A widower filed a wrongful death/survival medical malpractice claim against The Medical Resort at Willowbrook, a skilled nursing facility located in northwest Houston, because his wife fell at least five times during her stay.
Two of this 67-year-old high-fall-risk patient’s falls caused broken bones and head trauma and occurred within the first three months of her admission. After the head trauma, the woman’s condition spiraled downward and she eventually died.
An odd thing about the case is that everyone seemed to recognize that this particular patient had a high fall risk from the get-go.
As required by the standard of care, the physicians and nursing staff at The Medical Resort at Willowbrook assessed the patient’s fall risk, determining that she had a high risk of falls because of her physical and mental condition. Among other risk factors, the woman had been diagnosed with dementia and was fed by a gastrostomy tube.
The doctors and nurses also noted in the medical record that they were aware that the patient would lose balance when standing, needed assistance to move from place to place, and had decreased muscle coordination.
Recognizing her high fall risk, the intake fall risk assessment documented that the patient needed the following assistance for fall safety:
• Bed mobility (getting in and out of bed)
• Ambulating (moving from place to place)
• Toilet use
It’s surprising when a nursing home patient has multiple falls in such a short period of time she has been identified as a high fall risk and fall prevention interventions are supposed to be in place.
Facility and other defendants challenge expert evidence
Shortly after the medical malpractice lawsuit was filed, The Medical Resort and the physician defendants filed a motion to dismiss the case, challenging the adequacy of the plaintiff’s medical expert report. The plaintiff’s case was supported by a physician expert in critical and skilled nursing care as well as nursing home and hospital administration.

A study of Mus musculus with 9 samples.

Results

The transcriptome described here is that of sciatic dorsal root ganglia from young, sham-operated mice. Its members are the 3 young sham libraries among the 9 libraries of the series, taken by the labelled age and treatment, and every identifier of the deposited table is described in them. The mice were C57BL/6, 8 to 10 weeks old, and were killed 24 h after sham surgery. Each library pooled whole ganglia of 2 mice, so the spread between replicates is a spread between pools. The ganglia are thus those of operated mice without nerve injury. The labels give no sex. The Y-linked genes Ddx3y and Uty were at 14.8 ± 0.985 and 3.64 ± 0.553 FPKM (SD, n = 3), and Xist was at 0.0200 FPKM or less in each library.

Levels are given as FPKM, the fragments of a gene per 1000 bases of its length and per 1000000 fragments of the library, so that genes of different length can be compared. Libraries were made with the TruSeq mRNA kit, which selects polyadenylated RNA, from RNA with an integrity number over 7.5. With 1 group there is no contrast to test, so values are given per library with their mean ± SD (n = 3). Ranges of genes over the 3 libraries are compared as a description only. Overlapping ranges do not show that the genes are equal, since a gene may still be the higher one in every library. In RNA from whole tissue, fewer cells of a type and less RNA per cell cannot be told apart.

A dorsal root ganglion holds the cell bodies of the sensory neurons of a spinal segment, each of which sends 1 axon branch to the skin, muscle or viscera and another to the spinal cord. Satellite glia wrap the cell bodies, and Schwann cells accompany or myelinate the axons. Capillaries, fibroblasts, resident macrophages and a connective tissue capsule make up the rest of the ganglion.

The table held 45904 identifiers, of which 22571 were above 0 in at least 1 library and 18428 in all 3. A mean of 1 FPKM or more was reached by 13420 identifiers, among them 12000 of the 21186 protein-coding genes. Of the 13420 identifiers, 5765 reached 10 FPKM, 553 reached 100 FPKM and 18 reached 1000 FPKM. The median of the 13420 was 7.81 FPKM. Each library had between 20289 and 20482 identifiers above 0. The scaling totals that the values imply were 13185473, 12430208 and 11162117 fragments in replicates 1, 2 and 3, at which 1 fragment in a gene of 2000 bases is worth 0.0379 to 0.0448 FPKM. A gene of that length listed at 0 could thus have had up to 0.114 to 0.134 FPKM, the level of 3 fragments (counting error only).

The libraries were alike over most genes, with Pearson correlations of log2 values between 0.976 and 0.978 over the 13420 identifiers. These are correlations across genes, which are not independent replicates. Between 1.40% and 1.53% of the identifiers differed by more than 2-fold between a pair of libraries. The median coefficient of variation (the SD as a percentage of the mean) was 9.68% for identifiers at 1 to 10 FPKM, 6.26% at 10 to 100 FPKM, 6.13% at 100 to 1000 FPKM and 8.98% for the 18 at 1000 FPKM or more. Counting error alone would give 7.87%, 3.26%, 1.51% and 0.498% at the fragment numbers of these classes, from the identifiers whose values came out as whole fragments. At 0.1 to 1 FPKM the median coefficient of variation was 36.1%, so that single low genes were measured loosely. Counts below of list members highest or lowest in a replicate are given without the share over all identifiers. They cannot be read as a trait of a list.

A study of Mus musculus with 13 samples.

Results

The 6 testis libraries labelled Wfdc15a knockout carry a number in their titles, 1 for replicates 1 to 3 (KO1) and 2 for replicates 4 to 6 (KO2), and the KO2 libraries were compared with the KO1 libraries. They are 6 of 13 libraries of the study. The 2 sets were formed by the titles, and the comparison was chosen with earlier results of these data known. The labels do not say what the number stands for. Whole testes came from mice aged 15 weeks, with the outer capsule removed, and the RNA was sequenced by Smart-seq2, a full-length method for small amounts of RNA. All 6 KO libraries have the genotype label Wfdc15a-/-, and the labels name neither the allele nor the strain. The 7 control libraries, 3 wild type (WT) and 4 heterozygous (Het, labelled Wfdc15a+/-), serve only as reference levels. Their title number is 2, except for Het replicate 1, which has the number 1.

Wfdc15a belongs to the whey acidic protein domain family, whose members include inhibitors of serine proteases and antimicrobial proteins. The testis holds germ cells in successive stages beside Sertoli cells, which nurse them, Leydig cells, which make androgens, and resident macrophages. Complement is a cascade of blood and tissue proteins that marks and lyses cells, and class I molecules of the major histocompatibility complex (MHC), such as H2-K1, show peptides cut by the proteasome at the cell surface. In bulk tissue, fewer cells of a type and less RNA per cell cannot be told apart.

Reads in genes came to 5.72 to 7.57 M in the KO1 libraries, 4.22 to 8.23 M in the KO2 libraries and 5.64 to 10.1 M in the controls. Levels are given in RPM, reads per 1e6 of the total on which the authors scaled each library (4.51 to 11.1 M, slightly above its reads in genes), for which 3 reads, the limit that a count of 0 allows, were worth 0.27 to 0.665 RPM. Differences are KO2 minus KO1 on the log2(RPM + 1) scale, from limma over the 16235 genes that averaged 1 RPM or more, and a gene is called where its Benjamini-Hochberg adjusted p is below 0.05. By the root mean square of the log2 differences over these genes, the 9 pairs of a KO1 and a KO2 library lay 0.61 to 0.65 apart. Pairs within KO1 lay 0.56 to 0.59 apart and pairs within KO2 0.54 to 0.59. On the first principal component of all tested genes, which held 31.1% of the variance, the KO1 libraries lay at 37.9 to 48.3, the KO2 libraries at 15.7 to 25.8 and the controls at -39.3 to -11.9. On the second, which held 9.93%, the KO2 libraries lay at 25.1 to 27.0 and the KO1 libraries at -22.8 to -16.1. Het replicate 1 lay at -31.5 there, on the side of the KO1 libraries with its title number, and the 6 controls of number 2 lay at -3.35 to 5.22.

The trial court denied the motion to dismiss and the defendants appealed the decision to Houston’s First Court of Appeals. Among other arguments, the defendants contended that the plaintiff’s case should be dismissed straight out of the gate because the medical expert assigned the same standard of care for the nursing home, physicians, and nursing staff.
The appellate court rejected the defense argument, recognizing that the fall prevention and care plan is a shared responsibility of the facility leadership, physicians, and nursing staff. The case is styled Apollo Healthcare at Willowbrook, LLC d/b/a The Medical Resort at Willowbrook, Muhammad Hanif, Nabil Khoury, Ashiqueali Poonawala, and Archana Thota v. Mark McCamon, No. 01-20-00801-CV, In the First Court of Appeals. You can read the opinion here.
Whether it’s in a hospital, nursing home, or rehabilitation facility, assessment of fall risk and fall prevention are responsibilities shared by the facility, physicians, and nurses.
If you’ve been seriously injured because of inadequate fall prevention and protection measures at a Texas hospital or nursing home, then contact a top-rated, experienced Texas medical malpractice lawyer for a free consultation about your potential case.